I don’t remember when I first became aware of the Holocaust. I don’t know how old I was when I first heard about it, or studied it, or read about this horrific event that took place and affected my personal family history and the history of everyone I knew.
But the Holocaust was everywhere.
It was in the synagogue that my family attended, and in the Galician accents to all the prayers. I had always thought that elderly members of all congregations were required to go to Florida for half the year. As it turns out, it was just mine – my synagogue was founded by Holocaust survivors and none of them could handle the cold of Chicago.
It was in many of my closest friends, and their stories of how their grandparents changed their names at Ellis Island. It was in a boy I grew up with, whose grandparents were Schindler Jews.
It was in the Yiddish, Romanian, and Hungarian that my grandparents spoke when they didn’t want us to know what they were talking about. It was in the arthritis in my Zaide’s shoulders, a memento of his punishment for stealing potatoes. It was in the numbers tattooed on my Bubbie’s forearm, a relic of her stay at Auschwitz.
It was in the names given to myself, my brothers, my sister; my mother, aunts, uncle, and cousins.
It was everywhere; but we didn’t talk about it.
And then, Steven Spielberg began interviewing survivors for his project. And my Bubbie was among them.
For the first time my family was able to hear about her personal Holocaust story. My brothers, my sister, my parents, and Bubbie sat together in the living room when the video arrived; we watched as she answered Steven’s questions candidly about her home life before the Holocaust, and in her typical straightforward manner we finally received answers to the questions we always wanted, but never had the guts, to ask.
And then, she started talking about Auschwitz.
She was with her sister and nephews, waiting to be selected for Life or Death at the hands of Dr. Josef Mengele. Her sister had given her a bag of cookies that she brought for her sons (Bubbie’s nephews). Bubbie was sent to the Life line; her sister and nephews to Death.
But my Bubbie still had the cookies.
Thinking only of her nephews, not knowing what her actions might mean for herself, she quickly turned around to go to the Death line, so she could give her nephews the cookies.
And Dr. Mengele grabbed her by her hair, said “dummes madchen” (stupid girl), and threw her back into the Life line.
Dr. Mengele saved my Bubbie’s life.
But this wasn’t a selection like the ones we had known about, where he passively moved his arm one way or another. He actively grabbed her from one line and put her in the other.
He. Actively. Saved. Her. Life.
I do not remember much of my Bubbie’s story after that point. There was a general sense of shock amongst my family members, as this bombshell of a realization sunk in. For me, 17 years old at the time, I simply remember thinking that this was absolutely crazy.
I spent the better part of the next few weeks in a haze of confusion, as I tried to make sense of this new and really unwanted piece of information about my Holocaust story.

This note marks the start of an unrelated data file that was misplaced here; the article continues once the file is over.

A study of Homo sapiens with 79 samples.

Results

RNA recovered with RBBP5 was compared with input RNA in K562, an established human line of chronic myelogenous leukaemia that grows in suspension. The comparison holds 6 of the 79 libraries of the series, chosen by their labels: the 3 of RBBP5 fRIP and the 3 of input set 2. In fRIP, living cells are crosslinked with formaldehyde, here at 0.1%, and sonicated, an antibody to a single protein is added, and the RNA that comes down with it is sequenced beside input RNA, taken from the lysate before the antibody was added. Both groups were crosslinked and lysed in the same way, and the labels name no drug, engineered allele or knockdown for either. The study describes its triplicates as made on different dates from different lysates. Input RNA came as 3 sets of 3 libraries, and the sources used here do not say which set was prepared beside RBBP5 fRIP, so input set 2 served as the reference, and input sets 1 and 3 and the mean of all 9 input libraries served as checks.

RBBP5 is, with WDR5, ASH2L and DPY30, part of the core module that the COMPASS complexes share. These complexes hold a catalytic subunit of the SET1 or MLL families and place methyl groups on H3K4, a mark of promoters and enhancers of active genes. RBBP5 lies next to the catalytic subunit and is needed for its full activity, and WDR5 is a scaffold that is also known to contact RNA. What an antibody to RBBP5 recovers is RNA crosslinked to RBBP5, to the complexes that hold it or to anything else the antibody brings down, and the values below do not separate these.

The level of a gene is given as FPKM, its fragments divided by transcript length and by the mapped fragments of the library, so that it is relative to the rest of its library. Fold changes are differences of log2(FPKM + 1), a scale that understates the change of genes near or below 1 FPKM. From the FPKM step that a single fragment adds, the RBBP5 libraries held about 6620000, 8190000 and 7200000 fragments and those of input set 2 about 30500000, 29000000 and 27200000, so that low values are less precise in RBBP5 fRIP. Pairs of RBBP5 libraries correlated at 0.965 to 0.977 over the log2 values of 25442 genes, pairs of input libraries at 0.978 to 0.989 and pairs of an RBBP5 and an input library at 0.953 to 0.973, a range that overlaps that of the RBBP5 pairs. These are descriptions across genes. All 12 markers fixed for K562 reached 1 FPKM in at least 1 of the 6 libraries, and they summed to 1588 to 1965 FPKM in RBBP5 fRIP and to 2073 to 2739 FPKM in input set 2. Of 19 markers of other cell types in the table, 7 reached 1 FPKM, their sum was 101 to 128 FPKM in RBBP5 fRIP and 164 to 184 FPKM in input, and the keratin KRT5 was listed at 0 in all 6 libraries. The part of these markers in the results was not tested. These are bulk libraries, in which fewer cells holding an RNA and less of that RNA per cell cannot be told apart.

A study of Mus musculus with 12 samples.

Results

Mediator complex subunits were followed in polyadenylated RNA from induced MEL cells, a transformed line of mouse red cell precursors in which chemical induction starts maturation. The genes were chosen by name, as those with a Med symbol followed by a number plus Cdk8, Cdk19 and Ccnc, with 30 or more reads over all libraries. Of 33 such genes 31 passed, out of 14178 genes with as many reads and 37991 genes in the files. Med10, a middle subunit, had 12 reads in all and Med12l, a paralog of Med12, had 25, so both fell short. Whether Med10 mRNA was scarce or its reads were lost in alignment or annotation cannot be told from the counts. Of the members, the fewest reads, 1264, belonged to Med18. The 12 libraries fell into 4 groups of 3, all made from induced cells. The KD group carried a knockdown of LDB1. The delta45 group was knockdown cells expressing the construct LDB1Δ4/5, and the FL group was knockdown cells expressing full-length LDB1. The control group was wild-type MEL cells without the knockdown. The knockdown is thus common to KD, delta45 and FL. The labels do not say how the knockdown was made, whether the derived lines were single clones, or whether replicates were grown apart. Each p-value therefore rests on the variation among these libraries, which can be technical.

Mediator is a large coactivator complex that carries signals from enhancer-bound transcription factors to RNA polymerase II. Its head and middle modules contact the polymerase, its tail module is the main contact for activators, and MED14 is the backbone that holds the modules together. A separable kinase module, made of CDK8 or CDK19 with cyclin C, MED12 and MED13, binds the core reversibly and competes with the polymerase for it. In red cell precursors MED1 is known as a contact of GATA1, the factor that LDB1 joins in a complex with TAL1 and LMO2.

I had not told any of my friends that my Bubbie was being interviewed. I’m glad that I had kept my mouth shut about it, because I didn’t have to relate the story to them afterwards.
How could I explain to my friends that I was here because Dr. Mengele had a change of heart?
What made him choose my Bubbie, and not someone else?
What kind of backlash would I receive from my classmates? It was bad enough that we teased each other for the usual teenage reasons. But this would bring about an entirely different kind of torture.
The worst part, is that it completely changed my perception of Dr. Mengele. How could I explain that the Angel of Death is my Angel of Life?
Who would believe this story?
I am a direct descendent of my Bubbie and there are times when I still don’t believe it.
But I am here. My brothers, my sister, my daughter, my niece. We are here because Dr. Mengele actively chose my Bubbie for Life. This realization comforts me. It means that, without any doubt or survivor’s guilt, I and my family are meant to be here. My very existence, my very lineage, has a purpose. And that is a very encouraging thought.
My Bubbie, now 91, lived to have children and grandchildren and, in August 2013, dedicated a Torah scroll in memory of my grandfather (The Ultimate Revenge for Holocaust Survivor: New Torah Scroll).
Having recently celebrated Purim and Passover, two holidays where miracles are central to the survival and continued existence of the Jewish people, it isn’t hard for me to see my own existence as a miracle. It may not be one of grand Biblical proportions, but the survival and continued existence of my family is miraculous nonetheless.
“And G-d reached out His hand…”
So this year, when the siren goes off on Yom HaShoah, I will think of my namesake and those of my brothers’ and sister, my mother, my aunts, and my uncle, and my five cousins. I will stand in solemn attention and think of all those family members who I never met, but who continue to exist in my Bubbie’s memory.
And, for the first time, I will also think of Dr. Josef Mengele. I owe him my life. I am a Jewish mother living in the state of Israel.
Wouldn’t he be proud?
This post has been updated to clarify the spirit of the ending and to add a link to an article.